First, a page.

A secondary headteacher in Berlin is warning German-speaking parents not to send their children to his school after the number of pupils with German as their mother tongue dropped to just five out of a total of 339.

Bernd Boettig, head of Eberhard-Klein secondary school, said: "If German parents turn up here, I feel obliged to advise them to register their children at another school."

He said it was his "pedagogic duty" to do so because the language difficulties of other students would slow down classes and limit the learning opportunities for native German speakers.

His call has highlighted the impact of a change of rule in Berlin schools in the mid-1990s. Until that point, they were forced to fulfil integration quotas which required at least 50 per cent of students to be native Germans. At the time it was thought that second-generation immigrants would not have the same language problems as their parents.

Just 1.5 per cent of pupils at the Eberhard-Klein school speak German as their first language, and the situation is similar in other Berlin districts. At the nearby Gerhart Hauptmann secondary modern, for example, 90.4 per cent of students are immigrants.

Eighty per cent of the school's students are of Turkish origin and a further 15 per cent are Arabs. The rest are made up of Albanians, Vietnamese, Africans and students from the former Yugoslav republics - and the five Germans.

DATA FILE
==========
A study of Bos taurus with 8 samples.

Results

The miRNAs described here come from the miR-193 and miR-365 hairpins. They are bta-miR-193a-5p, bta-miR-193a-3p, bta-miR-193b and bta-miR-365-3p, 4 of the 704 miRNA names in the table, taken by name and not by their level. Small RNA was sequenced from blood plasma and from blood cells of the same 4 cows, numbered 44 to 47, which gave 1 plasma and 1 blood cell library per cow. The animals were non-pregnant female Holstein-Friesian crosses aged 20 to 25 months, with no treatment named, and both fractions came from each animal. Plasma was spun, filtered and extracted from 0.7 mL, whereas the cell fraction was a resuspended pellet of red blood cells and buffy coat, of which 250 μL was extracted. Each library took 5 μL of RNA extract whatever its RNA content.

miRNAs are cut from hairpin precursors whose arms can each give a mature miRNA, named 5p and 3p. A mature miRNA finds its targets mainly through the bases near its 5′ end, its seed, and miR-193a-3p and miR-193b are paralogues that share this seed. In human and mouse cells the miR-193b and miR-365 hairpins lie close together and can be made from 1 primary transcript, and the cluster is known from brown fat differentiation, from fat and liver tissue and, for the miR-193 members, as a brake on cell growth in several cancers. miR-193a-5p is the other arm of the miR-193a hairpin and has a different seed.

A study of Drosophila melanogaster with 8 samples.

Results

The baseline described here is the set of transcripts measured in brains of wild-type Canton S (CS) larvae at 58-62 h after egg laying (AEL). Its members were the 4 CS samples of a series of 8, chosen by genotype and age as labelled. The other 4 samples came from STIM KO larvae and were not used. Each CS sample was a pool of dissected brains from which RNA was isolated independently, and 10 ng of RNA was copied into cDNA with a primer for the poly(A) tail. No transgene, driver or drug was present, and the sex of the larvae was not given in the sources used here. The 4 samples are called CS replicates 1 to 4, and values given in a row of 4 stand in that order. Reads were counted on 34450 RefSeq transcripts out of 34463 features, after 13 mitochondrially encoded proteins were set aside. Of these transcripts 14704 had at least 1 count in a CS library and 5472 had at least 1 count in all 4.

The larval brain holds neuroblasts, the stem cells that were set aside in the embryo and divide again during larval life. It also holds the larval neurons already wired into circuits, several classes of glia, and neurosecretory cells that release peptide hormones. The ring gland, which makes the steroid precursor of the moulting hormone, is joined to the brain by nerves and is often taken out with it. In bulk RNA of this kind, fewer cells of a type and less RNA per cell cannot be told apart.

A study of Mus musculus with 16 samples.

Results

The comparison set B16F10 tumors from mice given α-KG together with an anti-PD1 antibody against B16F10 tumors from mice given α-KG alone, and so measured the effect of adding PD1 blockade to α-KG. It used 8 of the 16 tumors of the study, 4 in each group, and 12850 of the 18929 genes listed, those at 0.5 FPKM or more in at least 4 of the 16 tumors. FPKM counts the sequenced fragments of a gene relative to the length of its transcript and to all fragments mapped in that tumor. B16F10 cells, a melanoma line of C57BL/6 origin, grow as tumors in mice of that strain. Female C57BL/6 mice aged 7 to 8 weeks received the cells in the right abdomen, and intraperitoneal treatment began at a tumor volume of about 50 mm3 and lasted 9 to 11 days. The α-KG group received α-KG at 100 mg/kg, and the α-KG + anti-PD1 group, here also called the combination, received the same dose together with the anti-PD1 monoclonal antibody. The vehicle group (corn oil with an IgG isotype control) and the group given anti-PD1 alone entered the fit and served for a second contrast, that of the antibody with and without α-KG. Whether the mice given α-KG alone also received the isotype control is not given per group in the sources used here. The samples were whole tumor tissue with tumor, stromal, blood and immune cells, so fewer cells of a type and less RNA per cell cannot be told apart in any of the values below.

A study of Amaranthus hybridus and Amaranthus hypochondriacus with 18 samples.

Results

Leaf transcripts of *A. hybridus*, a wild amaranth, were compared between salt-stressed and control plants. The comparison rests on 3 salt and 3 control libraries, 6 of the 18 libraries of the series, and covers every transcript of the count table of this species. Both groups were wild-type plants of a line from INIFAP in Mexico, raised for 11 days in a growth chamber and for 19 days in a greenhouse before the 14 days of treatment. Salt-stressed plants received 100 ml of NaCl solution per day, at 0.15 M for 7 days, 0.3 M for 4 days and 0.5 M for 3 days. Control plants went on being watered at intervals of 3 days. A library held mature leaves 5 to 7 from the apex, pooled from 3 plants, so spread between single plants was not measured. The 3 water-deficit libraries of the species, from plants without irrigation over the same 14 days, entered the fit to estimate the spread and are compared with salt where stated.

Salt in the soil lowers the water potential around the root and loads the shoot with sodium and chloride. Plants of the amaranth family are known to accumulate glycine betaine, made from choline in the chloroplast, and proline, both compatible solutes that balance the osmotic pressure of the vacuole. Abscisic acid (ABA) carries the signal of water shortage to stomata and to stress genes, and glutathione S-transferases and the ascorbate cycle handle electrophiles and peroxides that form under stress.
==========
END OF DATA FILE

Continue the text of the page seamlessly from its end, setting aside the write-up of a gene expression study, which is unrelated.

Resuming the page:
Schools minister Klaus Boeger confirmed that many German parents have decided to move their children to other schools in the capital.

He said: "Many parents feel that by sending their children to a school with a high percentage of non-native German students, their educational progress will be affected."

A teacher at the Eberhard-Klein school said that this has already proven to be the case, and added that even the best students barely scrape a pass on assignments and tests.

The high proportion of immigrant children in Germany's schools has been blamed for a disappointing result in recent international comparative studies. It has also led to calls for language tests to be introduced before the first year of primary school. Under the proposals, children who lack the necessary skills for school will be offered pre-school German courses to get them up to a basic standard.

Mr Boeger, who supports the plan, said that he would also like to cut class sizes at schools with a high proportion of immigrant students.